The American presidency has developed influence beyond those enumerated in our Constitution. As America’s power and prestige has grown, so has a president’s ability to color world opinion. It’s the bully pulpit that Theodore Roosevelt was fond of referring to. President Obama used the power and prestige of his office this past week to bring attention to Hiroshima, the place where the United States dropped an atomic bomb and hastened the end for Japan in World War II.
Presidents bring a view of America and the world to office with them. President Obama has spent his presidency nurturing his view of America as an oppressive power and has taken every opportunity to make amends for this characterization.
The president danced carefully last week not to advertise his visit as an American apology for our use of atomic weapons on Hiroshima and Nagasaki to end that terrible and costly war, but here in New Hampshire, it sure did feel like an apology to me.
President Obama and I are the same age, our birthday only two weeks apart. It has surprised me since I first became aware of the junior senator from Illinois, that his and our view of America and the world could not be more different. I grew up believing that the American people were good and generous and that democracy, free market capitalism, and rugged individualism were the genuine best path to peace and prosperity.
With this year’s Memorial Day remembrance upon us, it is sad that I wonder if our president has any plans to bookend his Japan tour with one to Hawaii to commemorate the 75’th anniversary of Pearl Harbor this December.
World War II became real to our people on the first Sunday in December, 1941. It is an honor and duty for a sitting president to remember and commemorate the heroics and sacrifice demonstrated by our service men and women and citizenry at that time and place.
There are a dwindling number of Pearl Harbor survivors left.
During the 50th anniversary of Japan’s attack, then-President George H.W. Bush offered heartfelt remarks honoring the young men of his generation who demonstrated great valor at Pearl Harbor. He spoke of a “bright Sunday morning” where “thousands of troops slept soundly in their bunks. Some who were awake looked out and savored the still and tranquil harbor”. He spoke of how a far away war becomes real, in “one horrible instant”.
He spoke of the Arizona.
Every 15 seconds a drop of oil still rises from the Arizona and drifts to the surface. As it spreads across the water, we recall the ancient poet: “In our sleep, pain that cannot forget falls drop by drop upon the heart, and in our own despair against our will comes wisdom through the awful grace of God” With each drop, it is though God Himself were crying.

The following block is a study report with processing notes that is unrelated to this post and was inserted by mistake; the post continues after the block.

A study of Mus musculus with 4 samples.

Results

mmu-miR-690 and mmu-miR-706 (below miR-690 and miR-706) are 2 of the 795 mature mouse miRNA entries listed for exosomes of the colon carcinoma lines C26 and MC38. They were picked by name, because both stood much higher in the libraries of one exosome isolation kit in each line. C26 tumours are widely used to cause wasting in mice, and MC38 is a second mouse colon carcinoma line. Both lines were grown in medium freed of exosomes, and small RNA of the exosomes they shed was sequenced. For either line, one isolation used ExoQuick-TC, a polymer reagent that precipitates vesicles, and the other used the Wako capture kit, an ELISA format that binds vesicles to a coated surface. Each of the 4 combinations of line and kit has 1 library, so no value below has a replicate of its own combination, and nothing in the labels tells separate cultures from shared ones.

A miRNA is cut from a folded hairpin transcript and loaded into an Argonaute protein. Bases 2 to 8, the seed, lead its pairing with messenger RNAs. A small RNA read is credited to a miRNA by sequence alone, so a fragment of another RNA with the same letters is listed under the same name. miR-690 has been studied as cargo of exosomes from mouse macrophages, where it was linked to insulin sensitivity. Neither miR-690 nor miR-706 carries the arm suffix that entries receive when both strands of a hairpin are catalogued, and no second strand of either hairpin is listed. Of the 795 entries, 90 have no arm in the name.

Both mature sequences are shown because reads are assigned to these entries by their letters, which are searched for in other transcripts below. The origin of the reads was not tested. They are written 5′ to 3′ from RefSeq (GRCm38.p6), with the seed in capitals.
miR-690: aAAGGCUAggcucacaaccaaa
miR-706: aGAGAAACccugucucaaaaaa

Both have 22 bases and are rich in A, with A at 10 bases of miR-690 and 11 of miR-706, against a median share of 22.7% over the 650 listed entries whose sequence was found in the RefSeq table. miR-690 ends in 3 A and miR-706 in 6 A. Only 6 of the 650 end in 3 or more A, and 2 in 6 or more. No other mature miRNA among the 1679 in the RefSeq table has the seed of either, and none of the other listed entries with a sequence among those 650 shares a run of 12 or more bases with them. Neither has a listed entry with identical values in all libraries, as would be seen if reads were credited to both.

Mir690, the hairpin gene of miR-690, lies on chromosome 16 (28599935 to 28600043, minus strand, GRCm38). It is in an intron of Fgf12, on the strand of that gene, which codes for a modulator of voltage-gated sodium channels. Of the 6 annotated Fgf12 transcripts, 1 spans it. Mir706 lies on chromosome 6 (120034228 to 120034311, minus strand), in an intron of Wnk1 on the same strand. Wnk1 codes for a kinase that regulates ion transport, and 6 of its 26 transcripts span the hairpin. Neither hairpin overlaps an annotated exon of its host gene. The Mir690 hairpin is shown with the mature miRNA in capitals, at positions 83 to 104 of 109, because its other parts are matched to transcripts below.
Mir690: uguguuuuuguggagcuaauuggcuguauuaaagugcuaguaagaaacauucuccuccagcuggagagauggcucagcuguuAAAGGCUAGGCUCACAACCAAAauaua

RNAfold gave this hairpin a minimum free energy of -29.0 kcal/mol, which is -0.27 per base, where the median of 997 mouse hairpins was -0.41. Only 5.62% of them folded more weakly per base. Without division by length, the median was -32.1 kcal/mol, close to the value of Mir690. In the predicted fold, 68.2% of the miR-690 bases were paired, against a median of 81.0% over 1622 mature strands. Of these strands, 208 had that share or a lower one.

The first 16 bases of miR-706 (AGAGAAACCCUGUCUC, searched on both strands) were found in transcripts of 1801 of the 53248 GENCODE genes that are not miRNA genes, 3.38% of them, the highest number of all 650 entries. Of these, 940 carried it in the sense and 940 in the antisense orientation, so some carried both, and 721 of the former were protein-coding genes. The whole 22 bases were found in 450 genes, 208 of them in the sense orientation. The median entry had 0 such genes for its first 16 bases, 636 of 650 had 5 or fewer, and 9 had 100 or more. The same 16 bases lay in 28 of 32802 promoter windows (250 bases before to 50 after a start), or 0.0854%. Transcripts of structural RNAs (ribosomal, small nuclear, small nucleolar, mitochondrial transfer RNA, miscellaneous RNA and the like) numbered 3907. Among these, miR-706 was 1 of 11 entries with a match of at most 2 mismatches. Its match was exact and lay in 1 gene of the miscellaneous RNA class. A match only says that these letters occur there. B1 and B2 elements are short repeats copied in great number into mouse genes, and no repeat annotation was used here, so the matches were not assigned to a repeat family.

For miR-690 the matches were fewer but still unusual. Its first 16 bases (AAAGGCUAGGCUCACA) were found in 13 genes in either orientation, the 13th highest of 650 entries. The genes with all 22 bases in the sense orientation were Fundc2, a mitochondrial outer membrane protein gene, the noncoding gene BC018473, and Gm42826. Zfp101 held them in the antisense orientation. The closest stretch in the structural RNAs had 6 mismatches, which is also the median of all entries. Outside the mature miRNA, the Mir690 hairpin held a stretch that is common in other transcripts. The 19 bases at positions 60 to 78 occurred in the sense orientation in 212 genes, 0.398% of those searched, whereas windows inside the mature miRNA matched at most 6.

Only 334 of a full complement of over 1500 officers and crew of the Arizona survived that day. The last surviving officer of the Arizona, Ensign Joseph Langdell, passed in 2014. He was 100 years of age. His obituary said he was born in my home state of New Hampshire. He was born the same year the hull of the Arizona was laid down in the Brooklyn Naval Shipyard.
Mr. Langdell started his career as a junior accountant in Boston before patriotism got the best of him and he enlisted in the navy in 1940 in response to the war raging in Europe. His decision to serve brought him to Pearl Harbor and the battleship Arizona.
You can count on one hand the number of surviving crew of the Arizona.
Last Thursday another survivor passed. Adolph Hengl, an aircraft maintenance officer aboard the Tennessee left us, aged 99. His ship was moored next to the Arizona. As he tells it, he came out to the Quarter Deck as a bomb exploded sending him flying into a metal wall.
Bush concluded in his remarks twenty-five years ago at Pearl Harbor with the following.
The heroes of the Harbor … fought for a world of peace, not war, where children’s dreams speak more loudly than the brashest tyrant’s guns. Because of them, this memorial lives to pass its lessons from one generation to the next, lessons as clear is this Pacific sky.
If I were in the president’s place, I would not have toured Hiroshima last week. Any person with an ounce of humanity would regret the terrible loss of life at Hiroshima and Nagasaki and wish that it were not so. The Japanese Empire acted as the brashest of tyrants leading and all the way through World War II. President Truman ended the war in the Pacific swiftly and saved American lives. That was a moral decision and action.
Mr. President, please do not forget to honor and remember “the heroes of the harbor” with the grace and honor they deserve before they pass from this place.
Photo credit: Steve Berman took the photo from the Arizona Memorial in Pearl Harbor in 2008. It is looking up through the “bridge” over the ship’s sunken hull where oil an oil slick still marks her final resting place. The photo below was taken from the same location on the same day.